You are being invited to participate in this online survey which is part of a PhD project titled ‘Garden plants: a threat to the natural environment due to climate change?’ This research is being conducted by Tomos Jones, a PhD student at the University of Reading. The project is supervised by Dr Alastair Culham and Dr Brian Pickles at the University and by Dr Eleanor Webster at the Royal Horticultural Society (RHS).
This research will investigate the possible impacts of climate change on the distribution of garden plants (as non-native plants) and their interaction with the natural environment in Britain and Ireland. The aim of this short survey is to gather information on which garden plants are perceived to be a future threat to the natural environment in your vice-county (VC). Here are the definitions of the terms included in this survey:
Native species: A plant which is “present in the study area (Britain and/or Ireland) without, intervention by humans, whether intentional or unintentional, having come from an area in which it is native or one which has arisen de novo in the study area (Macpherson et al., 1996:14). This includes species with a changing natural range (without direct human intervention) as a consequence of climate change (Gilroy, Avery and Lockwood, 2017).
Non-native plant (NNP): A plant which was “brought to the study area (Britain and/or Ireland) by humans, intentionally or unintentionally, even if native in the source area” or one which has “come to the area without human intervention, but from an area in which it is present as a non-native (Macpherson et al., 1996:14). Synonym: alien, introduced. NNPs do not necessarily have a detrimental ecological and/or economic impact on the natural environment. These are termed ‘invasive’ (see below).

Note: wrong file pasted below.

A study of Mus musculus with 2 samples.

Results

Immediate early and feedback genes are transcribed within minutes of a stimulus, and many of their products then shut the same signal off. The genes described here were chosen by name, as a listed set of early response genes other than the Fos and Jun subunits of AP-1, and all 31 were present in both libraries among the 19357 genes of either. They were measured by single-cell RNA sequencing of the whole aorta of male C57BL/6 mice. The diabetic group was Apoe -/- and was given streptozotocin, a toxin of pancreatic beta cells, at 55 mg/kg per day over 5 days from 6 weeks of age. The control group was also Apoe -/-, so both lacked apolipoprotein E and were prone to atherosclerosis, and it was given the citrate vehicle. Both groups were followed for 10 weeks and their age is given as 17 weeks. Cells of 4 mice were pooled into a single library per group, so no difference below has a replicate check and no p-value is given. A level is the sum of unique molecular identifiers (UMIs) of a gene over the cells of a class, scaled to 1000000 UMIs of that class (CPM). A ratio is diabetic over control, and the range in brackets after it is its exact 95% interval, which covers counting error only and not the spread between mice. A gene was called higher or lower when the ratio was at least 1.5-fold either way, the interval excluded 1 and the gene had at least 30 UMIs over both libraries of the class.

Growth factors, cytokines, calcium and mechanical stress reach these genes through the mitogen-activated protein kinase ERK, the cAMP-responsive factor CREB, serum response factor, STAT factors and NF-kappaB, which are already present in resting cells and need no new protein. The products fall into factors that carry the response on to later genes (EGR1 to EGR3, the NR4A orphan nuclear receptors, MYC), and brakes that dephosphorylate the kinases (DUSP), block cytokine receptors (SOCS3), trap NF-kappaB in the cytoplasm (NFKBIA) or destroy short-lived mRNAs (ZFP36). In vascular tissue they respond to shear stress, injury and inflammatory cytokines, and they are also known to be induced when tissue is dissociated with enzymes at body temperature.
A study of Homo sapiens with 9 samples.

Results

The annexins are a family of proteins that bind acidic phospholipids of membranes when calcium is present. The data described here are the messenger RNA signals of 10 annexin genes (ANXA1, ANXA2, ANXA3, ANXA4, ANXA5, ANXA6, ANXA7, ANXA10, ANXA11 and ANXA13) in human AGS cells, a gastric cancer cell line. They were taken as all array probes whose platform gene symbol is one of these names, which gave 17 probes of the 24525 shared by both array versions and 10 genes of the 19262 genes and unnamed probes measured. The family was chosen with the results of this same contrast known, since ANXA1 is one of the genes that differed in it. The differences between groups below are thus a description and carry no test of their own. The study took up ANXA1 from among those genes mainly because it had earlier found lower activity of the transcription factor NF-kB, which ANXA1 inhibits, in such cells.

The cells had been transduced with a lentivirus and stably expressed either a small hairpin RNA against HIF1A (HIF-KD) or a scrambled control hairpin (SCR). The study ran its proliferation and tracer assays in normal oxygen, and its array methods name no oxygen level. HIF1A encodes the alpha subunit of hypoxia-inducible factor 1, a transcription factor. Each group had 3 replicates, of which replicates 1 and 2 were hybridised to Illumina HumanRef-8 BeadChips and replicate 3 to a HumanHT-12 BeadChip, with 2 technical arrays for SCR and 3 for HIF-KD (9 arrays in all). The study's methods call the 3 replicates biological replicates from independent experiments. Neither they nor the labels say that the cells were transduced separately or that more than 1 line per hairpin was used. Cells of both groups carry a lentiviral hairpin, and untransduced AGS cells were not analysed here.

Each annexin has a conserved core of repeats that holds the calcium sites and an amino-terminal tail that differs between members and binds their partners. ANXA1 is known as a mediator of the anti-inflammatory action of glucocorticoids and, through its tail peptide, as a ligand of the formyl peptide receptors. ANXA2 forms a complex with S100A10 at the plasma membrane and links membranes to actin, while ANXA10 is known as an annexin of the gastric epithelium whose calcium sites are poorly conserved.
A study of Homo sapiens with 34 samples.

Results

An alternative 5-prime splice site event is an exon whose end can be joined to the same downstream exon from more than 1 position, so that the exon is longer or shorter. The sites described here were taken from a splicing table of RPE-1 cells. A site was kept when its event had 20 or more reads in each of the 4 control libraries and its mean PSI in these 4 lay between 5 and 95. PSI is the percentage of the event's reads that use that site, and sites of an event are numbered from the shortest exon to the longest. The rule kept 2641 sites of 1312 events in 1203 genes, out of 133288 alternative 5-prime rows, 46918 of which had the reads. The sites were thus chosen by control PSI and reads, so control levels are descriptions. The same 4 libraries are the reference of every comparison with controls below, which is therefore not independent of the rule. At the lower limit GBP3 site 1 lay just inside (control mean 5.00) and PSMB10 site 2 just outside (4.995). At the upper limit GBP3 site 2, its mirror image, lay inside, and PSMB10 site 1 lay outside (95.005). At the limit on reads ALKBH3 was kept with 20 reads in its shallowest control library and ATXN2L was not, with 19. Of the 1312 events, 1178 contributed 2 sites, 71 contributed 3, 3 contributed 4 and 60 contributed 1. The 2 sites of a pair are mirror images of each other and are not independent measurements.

Garden plant: A NNP which has been introduced intentionally for horticultural purposes. It may be naturalised or not. Does not include NNPs arriving by other means such as in bird seed mixes which are often found in gardens.
Naturalised: A NNP (including garden plants) that has established in the natural environment with a self-reproducing population, either increasing by sexual or vegetative means (Stace and Crawley, 2015). A naturalised NNP is not necessarily invasive (see below).
Invasive: To have a detrimental ecological and/or economic impact.
Control: Efforts to mitigate the economic and/or ecological impact of a NNP, but does not necessarily mean complete eradication. This includes listing on Schedule 9 of the Wildlife and Countryside Act.
Eradication: The total removal of a NNP from the natural environment.
This initial survey is for BSBI VC recorders as you have good knowledge and experience of plant distribution in your VC. This survey can be completed regardless of your personal opinion on climate change as a driver for vegetation changes. The survey will inform subsequent elements of the PhD, including species’ distribution modelling and a citizen science project which will give the wider BSBI membership, and the general public, an opportunity to engage with this project.